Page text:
By Bethany Keene
Updated Feb 19, 2024

The most common type of job shadowing is when students will be given the opportunity to follow a professional in their chosen field for the day. Students in healthcare, for example, or in legal fields, are often given this type of job shadowing opportunity to allow them to learn a bit more about the day to day work in their chosen field, and to ask any questions they have. For many students, it can be a valuable way to affirm that they do -- or in some cases, do not -- want to pursue a certain career path.

Sometimes, it is not necessary for an individual to be a student to participate in a job shadowing program. These are also often open to individuals, women in particular, who want to learn how to better their lives and get into a new career. Perhaps the greatest benefit to people who shadow someone for the day, whether an an individual is a student or not, is the amount of contacts that he or she makes. Even if the individual does not get a great deal of work experience, he or she will generally at least have a few names and numbers for future career opportunities and job applications.

Another type of job shadowing is also known as on-the-job training. In this type, a new hire will be paired with an experienced employee either for a few hours or a few days, depending on the amount of training the job requires. The new hire will be shown real-life job situations, and will slowly be given more responsibility as his or her knowledge increases. This is a very effective way to train new employees, as opposed to training them in a classroom setting; it may also help with the retention rate of new hires.


By disciples — On Aug 07, 2012
I have a few questions about how to job shadow. How many questions can you ask while you're shadowing? I want to know what is going on but I do not want to be a nuisance.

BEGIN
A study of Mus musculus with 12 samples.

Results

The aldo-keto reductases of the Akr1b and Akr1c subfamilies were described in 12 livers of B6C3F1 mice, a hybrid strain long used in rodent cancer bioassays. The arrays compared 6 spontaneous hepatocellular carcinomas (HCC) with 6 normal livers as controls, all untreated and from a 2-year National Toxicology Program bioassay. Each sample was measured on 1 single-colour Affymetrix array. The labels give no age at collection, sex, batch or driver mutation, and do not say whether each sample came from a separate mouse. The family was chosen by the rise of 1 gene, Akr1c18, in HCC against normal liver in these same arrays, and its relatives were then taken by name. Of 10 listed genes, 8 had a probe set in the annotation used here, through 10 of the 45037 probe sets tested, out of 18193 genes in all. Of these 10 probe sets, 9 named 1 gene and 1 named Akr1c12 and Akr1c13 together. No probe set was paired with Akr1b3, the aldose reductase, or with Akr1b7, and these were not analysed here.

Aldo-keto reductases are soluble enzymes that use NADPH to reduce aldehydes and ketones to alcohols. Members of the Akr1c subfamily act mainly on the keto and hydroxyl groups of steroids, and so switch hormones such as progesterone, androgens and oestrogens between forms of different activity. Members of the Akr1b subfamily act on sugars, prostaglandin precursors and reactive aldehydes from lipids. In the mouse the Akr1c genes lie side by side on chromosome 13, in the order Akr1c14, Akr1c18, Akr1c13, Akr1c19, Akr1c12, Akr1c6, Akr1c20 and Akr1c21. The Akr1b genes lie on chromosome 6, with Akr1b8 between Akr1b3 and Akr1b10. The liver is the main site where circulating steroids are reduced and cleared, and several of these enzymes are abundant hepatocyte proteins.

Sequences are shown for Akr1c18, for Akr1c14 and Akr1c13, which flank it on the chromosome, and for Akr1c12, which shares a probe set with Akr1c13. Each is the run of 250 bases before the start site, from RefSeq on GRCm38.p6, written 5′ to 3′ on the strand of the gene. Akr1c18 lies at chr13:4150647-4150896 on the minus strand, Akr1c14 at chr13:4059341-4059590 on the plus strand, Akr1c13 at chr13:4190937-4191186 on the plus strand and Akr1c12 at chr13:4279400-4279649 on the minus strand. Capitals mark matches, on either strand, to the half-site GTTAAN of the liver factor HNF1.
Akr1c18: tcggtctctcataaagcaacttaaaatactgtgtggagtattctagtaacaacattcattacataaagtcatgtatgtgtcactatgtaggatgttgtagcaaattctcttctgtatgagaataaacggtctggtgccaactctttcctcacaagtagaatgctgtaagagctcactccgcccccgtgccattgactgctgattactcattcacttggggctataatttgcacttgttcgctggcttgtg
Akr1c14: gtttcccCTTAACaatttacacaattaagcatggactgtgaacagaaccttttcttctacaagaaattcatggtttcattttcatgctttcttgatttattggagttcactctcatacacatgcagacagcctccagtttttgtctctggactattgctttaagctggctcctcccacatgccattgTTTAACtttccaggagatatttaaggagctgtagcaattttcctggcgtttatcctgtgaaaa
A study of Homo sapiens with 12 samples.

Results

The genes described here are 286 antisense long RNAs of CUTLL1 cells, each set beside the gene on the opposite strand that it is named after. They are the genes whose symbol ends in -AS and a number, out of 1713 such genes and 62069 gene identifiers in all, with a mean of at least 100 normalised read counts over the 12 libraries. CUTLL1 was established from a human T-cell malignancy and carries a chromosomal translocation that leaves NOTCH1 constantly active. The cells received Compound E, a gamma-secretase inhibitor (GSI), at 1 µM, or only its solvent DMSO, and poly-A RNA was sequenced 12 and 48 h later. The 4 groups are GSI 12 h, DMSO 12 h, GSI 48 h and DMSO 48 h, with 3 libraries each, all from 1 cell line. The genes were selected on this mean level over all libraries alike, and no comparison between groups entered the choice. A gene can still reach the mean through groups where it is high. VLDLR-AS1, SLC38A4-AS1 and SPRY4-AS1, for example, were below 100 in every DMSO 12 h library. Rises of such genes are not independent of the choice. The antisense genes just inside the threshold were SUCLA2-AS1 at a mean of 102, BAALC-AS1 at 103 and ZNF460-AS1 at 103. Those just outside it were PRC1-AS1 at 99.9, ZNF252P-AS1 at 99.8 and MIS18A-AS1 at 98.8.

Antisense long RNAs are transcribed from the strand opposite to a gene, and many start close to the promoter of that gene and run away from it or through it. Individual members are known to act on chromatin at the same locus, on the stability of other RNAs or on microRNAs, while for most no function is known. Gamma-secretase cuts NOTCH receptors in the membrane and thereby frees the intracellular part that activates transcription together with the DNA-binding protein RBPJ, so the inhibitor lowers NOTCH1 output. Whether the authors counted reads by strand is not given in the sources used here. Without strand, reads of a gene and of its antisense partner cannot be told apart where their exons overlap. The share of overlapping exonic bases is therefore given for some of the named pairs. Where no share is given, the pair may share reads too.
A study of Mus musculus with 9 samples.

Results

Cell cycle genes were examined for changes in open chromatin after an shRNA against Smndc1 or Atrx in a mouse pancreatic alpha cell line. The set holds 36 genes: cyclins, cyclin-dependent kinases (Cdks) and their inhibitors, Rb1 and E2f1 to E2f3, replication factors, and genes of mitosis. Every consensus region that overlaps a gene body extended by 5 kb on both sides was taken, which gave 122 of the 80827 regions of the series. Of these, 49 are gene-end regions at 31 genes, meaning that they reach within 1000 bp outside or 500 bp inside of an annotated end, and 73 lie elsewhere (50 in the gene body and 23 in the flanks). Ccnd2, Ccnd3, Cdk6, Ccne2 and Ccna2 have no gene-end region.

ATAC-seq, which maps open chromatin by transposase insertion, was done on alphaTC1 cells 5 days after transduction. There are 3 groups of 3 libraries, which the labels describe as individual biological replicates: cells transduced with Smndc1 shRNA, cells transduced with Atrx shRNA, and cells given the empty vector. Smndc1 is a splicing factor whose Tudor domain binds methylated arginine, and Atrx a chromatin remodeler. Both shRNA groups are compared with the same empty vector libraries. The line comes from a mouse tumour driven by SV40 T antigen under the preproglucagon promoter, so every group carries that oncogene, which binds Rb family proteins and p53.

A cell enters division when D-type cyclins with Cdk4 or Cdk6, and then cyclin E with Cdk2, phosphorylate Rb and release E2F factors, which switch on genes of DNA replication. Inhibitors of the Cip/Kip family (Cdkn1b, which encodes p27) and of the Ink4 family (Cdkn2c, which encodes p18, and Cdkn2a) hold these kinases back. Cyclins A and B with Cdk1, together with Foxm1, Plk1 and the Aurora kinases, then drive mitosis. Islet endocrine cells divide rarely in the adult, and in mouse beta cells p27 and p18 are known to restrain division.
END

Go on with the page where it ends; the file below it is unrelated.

Also, is it improper to only shadow for half of a day?

By BAU79 — On Aug 06, 2012

Where can I find out about opportunities for job shadowing for students? I have a break coming up and no huge plans and I was thinking about shadowing in a few different industries. I am still undecided about my major but I think this might help me to make up my mind.

Is there a web site or something that has listings of shadowing opportunities? Can someone send me the link if there is one?

By nextcorrea — On Aug 05, 2012

Job shadowing can be a great way to learn about the reality of a job before you actually start working one. You will get a feel for the day to day tasks, the tone of the office or shop, the nature of your responsibilities and the difficulty of the work. It is not always easy to get an opportunity to shadow a job but it is always worth it if you can.

The best way to find out about it is to simply ask. If you are interviewing for a job or simply thinking of switching careers, ask someone who has the power to approve those kinds of decisions. If it is not hugely inconvenient they will often accept. And if you are applying for a job it can be a god way to show initiative.